Entering the "real word" is a frightening experience for many college students. The comfort of the dorm, dining halls, and constant social interaction with their peers will soon be over. As college seniors approach the end of their semester, many of them wonder what life will be like after college, and who they will be.
I know this sounds corny, but this is really the best way to put it. I have met countless people who had cemented plans during college to pursue what they believed was the most logical, objectively sound career path. However, almost all of these people regretted making a decision based on what made sense on paper. The graduates who find satisfaction are those who pursue their true interests and passions. Many people worry that unless you pursue a traditional career, it will be hard to make money. Some students worry that if they follow their passions they can never make a living out of it. In my experience, however, the people who do what they are passionate about are the ones who make the most money. If you commit to something, then over time you will be succesful.
Alumni networks are key for finding jobs, getting mentored, making new friends, and making new professional connections. When students graduate it is imperative that they form a network based from their school. Being affiliated with a college or university is an excellent way to establish a network early on. Rather than relying on forming brand new connections, utilize the natural network that your school has created for you. Even if you don't think an alumni will have immediate value for you, grabbing a coffee with a fellow alum is a great way to meet other people who can help you as you search for a career.
LinkedIn is a powerful tool for finding and making new connections. Using it requires effort, but if done correctly college graduates can connect with a plethora of like-minded individuals.
Before you can figure out what you want to do for a career, you need to first figure out what you're interested in. Start from the ground up--what do you like to do? Do you like to talk to people, or do you work much better alone? What is it that you really enjoy doing?
While you discover and develop your interests, it is also important to learn and grow your skills. Finding an ideal job will usually happening by finding the intersection of where your skills and interests meet. Find what it is that you're good at. However, don't just choose a career base on skills alone; your job should be something that you enjoy, too.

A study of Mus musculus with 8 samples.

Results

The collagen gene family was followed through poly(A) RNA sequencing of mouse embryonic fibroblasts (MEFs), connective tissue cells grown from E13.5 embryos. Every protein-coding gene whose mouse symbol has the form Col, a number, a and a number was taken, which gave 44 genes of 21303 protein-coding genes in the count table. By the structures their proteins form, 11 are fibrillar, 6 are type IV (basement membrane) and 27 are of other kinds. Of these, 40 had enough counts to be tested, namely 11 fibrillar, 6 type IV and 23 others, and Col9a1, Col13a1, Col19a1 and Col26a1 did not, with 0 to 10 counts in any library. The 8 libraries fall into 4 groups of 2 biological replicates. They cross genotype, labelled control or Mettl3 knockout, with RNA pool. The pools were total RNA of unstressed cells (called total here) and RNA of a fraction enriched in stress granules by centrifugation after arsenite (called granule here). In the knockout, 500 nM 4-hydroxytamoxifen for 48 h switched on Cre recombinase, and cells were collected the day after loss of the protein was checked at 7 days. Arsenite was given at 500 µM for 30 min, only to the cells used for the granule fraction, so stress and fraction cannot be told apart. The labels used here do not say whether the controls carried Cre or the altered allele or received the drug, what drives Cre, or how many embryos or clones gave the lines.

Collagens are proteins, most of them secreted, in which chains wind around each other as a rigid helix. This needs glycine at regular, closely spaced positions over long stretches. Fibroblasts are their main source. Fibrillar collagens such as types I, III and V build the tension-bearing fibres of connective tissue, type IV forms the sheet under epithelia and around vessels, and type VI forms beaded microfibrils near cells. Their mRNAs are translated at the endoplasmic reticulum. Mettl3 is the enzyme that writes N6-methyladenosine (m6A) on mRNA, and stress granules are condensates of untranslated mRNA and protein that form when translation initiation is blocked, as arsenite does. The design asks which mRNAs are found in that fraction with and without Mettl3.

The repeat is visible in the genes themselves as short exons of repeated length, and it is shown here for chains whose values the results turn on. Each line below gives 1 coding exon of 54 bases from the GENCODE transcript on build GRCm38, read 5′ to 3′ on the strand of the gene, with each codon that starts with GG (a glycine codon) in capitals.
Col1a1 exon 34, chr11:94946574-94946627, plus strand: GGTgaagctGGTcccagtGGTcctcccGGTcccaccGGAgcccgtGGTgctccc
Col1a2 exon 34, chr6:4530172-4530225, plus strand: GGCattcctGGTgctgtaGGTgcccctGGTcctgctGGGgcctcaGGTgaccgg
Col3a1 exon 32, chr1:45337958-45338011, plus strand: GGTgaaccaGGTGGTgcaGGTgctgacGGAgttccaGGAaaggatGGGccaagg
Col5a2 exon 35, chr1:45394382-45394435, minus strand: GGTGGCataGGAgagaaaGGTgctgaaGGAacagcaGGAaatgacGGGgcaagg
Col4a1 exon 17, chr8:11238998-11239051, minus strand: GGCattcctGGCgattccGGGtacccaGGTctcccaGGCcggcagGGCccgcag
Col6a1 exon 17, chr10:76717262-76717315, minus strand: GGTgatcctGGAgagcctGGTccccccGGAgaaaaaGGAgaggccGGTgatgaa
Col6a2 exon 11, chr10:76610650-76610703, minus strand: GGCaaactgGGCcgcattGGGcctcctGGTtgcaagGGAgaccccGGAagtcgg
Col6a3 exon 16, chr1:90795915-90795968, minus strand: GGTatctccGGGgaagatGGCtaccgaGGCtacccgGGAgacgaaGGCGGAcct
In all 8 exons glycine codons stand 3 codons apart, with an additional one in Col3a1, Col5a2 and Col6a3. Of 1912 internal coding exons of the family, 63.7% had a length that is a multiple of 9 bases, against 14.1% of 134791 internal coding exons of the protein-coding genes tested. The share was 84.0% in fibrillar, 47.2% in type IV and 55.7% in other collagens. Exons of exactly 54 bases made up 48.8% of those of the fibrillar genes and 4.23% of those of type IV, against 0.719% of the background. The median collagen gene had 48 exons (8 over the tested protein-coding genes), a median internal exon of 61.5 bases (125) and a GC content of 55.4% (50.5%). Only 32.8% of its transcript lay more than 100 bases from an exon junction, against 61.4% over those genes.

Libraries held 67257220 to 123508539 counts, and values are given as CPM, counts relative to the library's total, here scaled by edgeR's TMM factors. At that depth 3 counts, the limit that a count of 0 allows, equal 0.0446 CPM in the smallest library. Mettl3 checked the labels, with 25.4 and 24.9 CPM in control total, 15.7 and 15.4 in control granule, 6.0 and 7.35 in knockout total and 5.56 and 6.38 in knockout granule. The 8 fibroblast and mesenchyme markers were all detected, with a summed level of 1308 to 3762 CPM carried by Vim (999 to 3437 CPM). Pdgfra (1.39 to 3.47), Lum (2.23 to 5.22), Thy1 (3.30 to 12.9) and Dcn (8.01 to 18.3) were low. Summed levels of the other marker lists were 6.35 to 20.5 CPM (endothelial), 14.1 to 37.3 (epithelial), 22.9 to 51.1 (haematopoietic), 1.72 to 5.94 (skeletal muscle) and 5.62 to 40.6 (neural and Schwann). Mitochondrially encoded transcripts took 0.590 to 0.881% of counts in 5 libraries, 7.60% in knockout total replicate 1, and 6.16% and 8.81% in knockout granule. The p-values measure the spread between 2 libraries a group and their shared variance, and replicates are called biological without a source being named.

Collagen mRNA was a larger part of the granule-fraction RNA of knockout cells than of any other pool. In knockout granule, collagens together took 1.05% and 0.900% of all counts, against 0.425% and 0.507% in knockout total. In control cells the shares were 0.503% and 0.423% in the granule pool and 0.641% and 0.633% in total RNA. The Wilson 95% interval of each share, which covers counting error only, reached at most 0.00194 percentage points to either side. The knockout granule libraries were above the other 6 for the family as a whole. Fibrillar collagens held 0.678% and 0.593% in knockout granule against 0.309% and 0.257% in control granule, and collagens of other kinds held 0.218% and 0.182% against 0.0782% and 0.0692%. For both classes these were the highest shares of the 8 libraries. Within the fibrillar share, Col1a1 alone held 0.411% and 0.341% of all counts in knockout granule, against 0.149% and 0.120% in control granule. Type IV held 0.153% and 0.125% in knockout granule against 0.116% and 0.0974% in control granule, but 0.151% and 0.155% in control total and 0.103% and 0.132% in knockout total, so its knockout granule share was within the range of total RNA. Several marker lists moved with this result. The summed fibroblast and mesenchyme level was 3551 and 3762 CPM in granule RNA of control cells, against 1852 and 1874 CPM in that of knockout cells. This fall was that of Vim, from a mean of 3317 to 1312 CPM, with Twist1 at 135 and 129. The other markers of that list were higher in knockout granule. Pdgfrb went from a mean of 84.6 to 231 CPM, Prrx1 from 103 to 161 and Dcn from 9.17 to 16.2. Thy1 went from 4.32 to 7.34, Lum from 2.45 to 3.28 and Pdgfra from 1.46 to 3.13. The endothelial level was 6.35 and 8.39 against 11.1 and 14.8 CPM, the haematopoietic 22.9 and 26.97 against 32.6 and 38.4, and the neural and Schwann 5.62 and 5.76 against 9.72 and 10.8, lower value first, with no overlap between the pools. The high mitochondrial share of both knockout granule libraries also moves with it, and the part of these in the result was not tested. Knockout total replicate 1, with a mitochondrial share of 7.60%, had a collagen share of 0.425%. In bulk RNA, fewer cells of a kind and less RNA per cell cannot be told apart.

Many college graduates are worried about finding a career right after they graduate. Many of them undervalue the incredible duration of time in which they will be working for the years to come. It's important to recognize that your job doesn't have to be your career. Graduates should be open to trying new things and exploring different career paths. Trying different job roles is an excellent way to discover what your true calling is.
When college graduates are exploring jobs post graduation, it can often be intimidating or even daunting. One helpful way to start job hunting is to look at your peers. More specifically, look at people who are similar to or who you admire. If someone you can relate to has a certain job and enjoys it, there's a good chance you might enjoy it too.
Most colleges and universities offer some form of career counseling. It's in the school's best interest to help their graduates land jobs, and so they put in effort and resources to help their graduates find jobs. Don't be too proud to rely on others for help. Finding your footing after college can be tricky, so never be afraid to take advantage of the resources that are available to you.
One of the thing college doesn't teach you is how to be truly independent. When you graduate college and move into an apartment, many of the things that were given to you will be taken away. You'll have to learn how to pay bills, get yourself to work, and take care of yourself outside of your university.